In the Face of Decline

There is something about the cold, dark tundra that gets to you in January. You can feel it in your bones and in your mood sometimes. Seasonal Affective Disorder they call it. Quite an acronym there – SAD! That is how I feel today with the decline of the Lutheran Church-Missouri Synod on my mind.

The decline begins close to home. The Minnesota South District dropped from 127,679 baptized members in 2010 to 116,277 in 2016.  That is a decline of 9% in just six years. With the planting of new churches we have been able to maintain the number of congregations in the district. Yet increasingly we see churches struggling to make it. In the MNS District, 25% of our churches now worship less than 50.

At the synodical level, across 35 districts nationally, membership dropped from 2,780,000 in 1970 to 2,280,000 in 2010. That’s a decline of 500,000 in 40 years. Some projections expect another decline of 500,000 in just the next 10-15 years. We are not alone. Far more severe are the losses in the ELCA. In 1987, the ECLA had 5,288,230 members. In 2013, the membership was 3,863,133, a decline of 27%. While Roman Catholics in America have increased 43% since 1970, due largely to the increase in the Hispanic population, we in the LCMS are down 18%.

Is it getting colder and darker in here? Meanwhile, the non-Christian Mormons and Jehovah’s Witnesses claim increases of 218% and 254%, respectively, since 1970. The Assemblies of God claims an increase since 1970 of 396%. Yet, in recent years, even the Southern Baptists have begun to decline. Truthfully, Christianity is in decline in the United States of America. It is that simple and that SAD.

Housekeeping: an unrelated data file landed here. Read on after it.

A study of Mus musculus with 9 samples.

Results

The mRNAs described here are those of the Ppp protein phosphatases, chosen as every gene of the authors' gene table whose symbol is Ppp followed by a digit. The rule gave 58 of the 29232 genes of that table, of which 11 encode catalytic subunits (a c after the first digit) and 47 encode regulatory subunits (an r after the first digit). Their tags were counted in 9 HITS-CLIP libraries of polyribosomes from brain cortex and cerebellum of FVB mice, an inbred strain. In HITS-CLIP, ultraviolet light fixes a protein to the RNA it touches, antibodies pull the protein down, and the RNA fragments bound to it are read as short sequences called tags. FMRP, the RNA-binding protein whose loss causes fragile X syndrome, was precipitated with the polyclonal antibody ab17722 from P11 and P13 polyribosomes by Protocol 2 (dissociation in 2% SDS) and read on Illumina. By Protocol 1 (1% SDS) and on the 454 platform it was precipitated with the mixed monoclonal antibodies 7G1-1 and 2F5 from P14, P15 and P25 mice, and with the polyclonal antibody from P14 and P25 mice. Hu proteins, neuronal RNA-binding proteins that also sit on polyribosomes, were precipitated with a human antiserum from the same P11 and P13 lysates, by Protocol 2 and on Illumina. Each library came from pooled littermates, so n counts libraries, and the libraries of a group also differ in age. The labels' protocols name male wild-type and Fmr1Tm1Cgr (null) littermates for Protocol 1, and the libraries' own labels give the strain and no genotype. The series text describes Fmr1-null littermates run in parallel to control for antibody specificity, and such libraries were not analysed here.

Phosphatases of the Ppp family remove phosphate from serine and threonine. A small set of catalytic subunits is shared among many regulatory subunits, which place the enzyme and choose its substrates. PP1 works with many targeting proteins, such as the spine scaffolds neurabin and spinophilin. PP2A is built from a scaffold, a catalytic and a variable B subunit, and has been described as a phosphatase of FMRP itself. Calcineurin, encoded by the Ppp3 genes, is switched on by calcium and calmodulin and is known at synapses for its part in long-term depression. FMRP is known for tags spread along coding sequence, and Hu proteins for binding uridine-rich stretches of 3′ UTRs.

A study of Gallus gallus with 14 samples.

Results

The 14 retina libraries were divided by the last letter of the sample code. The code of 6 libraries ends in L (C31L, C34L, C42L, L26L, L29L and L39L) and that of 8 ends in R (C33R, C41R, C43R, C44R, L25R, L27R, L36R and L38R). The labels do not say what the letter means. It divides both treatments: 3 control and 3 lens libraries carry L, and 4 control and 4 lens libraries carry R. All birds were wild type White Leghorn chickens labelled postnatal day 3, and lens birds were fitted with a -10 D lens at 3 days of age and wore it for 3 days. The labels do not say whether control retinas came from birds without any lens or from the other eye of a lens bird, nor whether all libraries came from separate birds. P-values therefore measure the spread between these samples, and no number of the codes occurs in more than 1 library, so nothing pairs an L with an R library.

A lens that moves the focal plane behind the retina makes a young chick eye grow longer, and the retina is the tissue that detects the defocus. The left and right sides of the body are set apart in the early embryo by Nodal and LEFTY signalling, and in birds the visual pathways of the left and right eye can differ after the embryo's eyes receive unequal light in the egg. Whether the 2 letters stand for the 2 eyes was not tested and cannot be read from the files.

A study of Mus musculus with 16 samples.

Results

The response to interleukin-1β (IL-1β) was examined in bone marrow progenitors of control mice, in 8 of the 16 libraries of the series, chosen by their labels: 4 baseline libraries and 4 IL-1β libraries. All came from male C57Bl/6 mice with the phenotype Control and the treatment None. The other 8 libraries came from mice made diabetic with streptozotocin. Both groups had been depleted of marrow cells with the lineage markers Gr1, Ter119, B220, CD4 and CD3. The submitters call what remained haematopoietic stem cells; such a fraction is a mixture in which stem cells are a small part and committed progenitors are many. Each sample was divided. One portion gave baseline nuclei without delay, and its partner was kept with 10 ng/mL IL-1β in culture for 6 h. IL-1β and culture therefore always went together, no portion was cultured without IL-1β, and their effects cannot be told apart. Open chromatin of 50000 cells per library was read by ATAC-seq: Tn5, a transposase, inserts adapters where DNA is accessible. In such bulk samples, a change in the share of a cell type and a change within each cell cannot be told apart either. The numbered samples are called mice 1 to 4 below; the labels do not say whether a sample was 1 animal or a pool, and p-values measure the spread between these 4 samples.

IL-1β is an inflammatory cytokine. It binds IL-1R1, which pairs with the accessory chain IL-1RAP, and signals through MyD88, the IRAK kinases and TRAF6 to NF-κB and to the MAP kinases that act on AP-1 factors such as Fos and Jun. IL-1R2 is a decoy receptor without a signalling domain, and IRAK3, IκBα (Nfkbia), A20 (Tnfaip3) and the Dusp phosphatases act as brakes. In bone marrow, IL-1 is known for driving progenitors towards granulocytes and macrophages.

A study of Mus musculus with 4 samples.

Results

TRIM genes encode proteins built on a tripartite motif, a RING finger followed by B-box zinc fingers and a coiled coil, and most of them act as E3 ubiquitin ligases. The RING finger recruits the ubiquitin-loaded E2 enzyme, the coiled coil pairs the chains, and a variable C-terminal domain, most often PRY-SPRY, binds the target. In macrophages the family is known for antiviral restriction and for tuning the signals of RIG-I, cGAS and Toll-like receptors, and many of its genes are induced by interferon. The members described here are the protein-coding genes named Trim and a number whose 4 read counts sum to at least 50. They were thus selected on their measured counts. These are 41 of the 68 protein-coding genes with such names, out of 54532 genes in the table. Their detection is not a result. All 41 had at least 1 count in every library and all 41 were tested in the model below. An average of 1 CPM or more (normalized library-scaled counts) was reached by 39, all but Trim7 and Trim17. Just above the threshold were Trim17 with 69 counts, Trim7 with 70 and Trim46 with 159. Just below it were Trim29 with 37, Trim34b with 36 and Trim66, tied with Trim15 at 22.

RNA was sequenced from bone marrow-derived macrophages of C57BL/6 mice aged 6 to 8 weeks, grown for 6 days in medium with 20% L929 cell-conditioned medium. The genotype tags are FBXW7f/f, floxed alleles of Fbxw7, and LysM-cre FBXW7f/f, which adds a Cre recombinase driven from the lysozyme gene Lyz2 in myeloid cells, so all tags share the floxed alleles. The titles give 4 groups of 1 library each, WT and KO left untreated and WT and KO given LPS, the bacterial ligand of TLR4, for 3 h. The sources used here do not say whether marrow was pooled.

So what shall we do? Laments come easy. Excuses do, too. Sure, it’s the lower birth rate, but it is so much more than that. The decline speaks to every Christian in America who has never invited an unchurched friend or relative to worship with them. The decline speaks to every pastor who fails to put himself in secular settings where he can begin a relationship with a non-Christian. It speaks to congregations who are not known for mercy and service but are unknown to their community because they don’t look for feet to wash. The decline speaks to every church which cannot recall a single new ministry begun in the last ten years. It speaks to many pastors who cannot see the doors God has opened for ministry outside the walls of their churches. It speaks to apathy, convenience, deference, consumerism, and self-absorption.

In the face of decline, we must repent. It starts there. Lord, have mercy. True repentance will show itself to be real. We will plant new churches. We will train laity as evangelists. We will begin new ministries of service in our communities. One by one, we will place ourselves intentionally with pre-Christians. We will volunteer in the community. We will train pastors in the fine art of building relationships. We will provide a warm welcome to those who visit our churches. We will hear sermons rooted in the Word and pointing to Christ with clear application for our lives.

Another way to look at all of this, as Christianity declines in America, is to say, “Look! Our mission field is only getting larger! What an opportunity!” On a cold, dark day in January, I invite you to affirm with me that Jesus Christ is still the light of the world (John 8:12), and so are we (Matthew 5:14)! 

Well, look at that! I think it’s getting brighter!